HELSINKI — Spanish launch startup PLD Space has debuted a fully assembled Miura 1 reusable suborbital rocket as a step towards its inaugural flight in 2022.
The Miura 1 was unveiled at the National Museum of Natural Science in Madrid Nov. 16. Next, it will be returned to the PLD Space base at Teruel Airport for combined qualification testing including a full mission duration hot fire test.
After testing the stage will be shipped to the launch base to perform a combined test with all the ground segment and ground infrastructure, before launch.
Raúl Verdú, COO and Cofounder of PLD Space, told SpaceNews during an interview at the Space Tech Expo Europe last week that the firm is targeting the second half of 2022 for launch of Miura 1.
The rocket is designed to reach a maximum altitude of 150 kilometers while carrying a payload of up to 100 kilograms.
While the Miura 1 rocket is suborbital, PLD Space is in an unofficial European commercial race to space with German launch startups Isar Aerospace and Rocket Factory Augsburg, both of which are currently targeting first orbital launches in the second half of 2022. Other players such as UK-based Skyrora are also working towards orbital launches.
“There are some very promising players in Europe. And in our opinion, we have a strong position in Spain because of a lot of things such as the maturity level of the development, the investors we have, national support [and] European support,” says Verdú.
“It’s very interesting days, a very exciting moment [in which] we see a future with two three European small launcher operators.”
The launch of the suborbital Miura 1 is a stepping stone to the Miura 5 orbital rocket. The Miura 5 engine will inherit the thrust chamber, injectors and other components from the Miura 1 pressure-fed engine. The main challenge for the Miura 5 engine is to develop the turbopump, says Verdú.
Subsystem tests for the Miura 5 will begin next year with the target of a first launch in July 2024 from French Guiana. Miura 5 will be prepared to carry 450 kilograms to a 500-kilometer circular Sun synchronous orbit as a baseline mission.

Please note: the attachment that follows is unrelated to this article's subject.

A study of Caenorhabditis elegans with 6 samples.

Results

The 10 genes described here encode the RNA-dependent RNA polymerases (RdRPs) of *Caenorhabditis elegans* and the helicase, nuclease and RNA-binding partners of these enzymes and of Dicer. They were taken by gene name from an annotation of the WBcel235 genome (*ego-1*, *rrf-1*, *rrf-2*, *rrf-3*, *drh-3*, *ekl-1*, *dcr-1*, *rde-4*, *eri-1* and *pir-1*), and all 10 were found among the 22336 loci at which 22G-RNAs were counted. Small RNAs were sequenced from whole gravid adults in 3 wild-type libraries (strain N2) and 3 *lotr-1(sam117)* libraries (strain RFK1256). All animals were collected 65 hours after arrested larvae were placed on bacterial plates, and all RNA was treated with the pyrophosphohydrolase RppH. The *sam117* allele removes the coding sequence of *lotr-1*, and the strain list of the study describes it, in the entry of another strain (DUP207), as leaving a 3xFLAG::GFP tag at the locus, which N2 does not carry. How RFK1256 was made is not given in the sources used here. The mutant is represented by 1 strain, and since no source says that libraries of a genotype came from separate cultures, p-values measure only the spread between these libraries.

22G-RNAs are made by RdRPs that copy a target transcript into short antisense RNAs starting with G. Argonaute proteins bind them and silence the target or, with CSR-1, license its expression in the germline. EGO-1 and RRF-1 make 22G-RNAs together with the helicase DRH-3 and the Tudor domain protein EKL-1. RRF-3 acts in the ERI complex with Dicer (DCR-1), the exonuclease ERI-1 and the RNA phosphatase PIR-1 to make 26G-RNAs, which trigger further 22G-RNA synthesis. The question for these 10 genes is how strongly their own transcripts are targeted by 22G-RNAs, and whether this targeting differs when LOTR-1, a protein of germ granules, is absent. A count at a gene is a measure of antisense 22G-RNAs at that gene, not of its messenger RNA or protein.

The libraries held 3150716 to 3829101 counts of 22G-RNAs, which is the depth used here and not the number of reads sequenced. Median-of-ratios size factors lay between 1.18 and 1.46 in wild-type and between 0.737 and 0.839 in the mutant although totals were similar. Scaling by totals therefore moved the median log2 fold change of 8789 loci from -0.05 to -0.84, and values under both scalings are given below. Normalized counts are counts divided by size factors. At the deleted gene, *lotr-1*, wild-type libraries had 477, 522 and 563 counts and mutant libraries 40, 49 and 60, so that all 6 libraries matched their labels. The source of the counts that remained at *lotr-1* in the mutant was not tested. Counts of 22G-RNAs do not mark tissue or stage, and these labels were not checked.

“It is very important to succeed and not to go faster than we can, because you need to mature that technology,” says Verdú. PLD Space was founded in 2011 and began development on the first design of the Miura 1 engine in 2014, with a big focus on testing. Other competitors in Europe established more recently have been looking to move faster, drawing on examples from elsewhere.
Miura 1 had earlier been slated for a first flight in 2019, but experienced a “series of test firing anomalies.” The COVID outbreak also impacted progress.
The first pair of Miura 5 launches will be “block 1.0” fully expendable versions. A reusable version will be introduced for subsequent flights. This stage will implement lessons learnt from ESA´s Future Launchers Preparatory Programme (FLPP) contracts, called Liquid Propulsion Stage Recovery (LPSR) 1 and LPSR2.
“The entire engine is developed and owned by PLD. So this is a huge competitive advantage, because we have independence from third parties to provide the proper launch service.”
PLD Space is based in Elche, Spain, with technical facilities in Teruel, Huelva and French Guiana. It has so far attracted €36 million in investment and, Verdú says, being based in Spain helps keep costs low.
Updated Nov. 26 to reflect capacity of Miura 5 as per PLD Space information.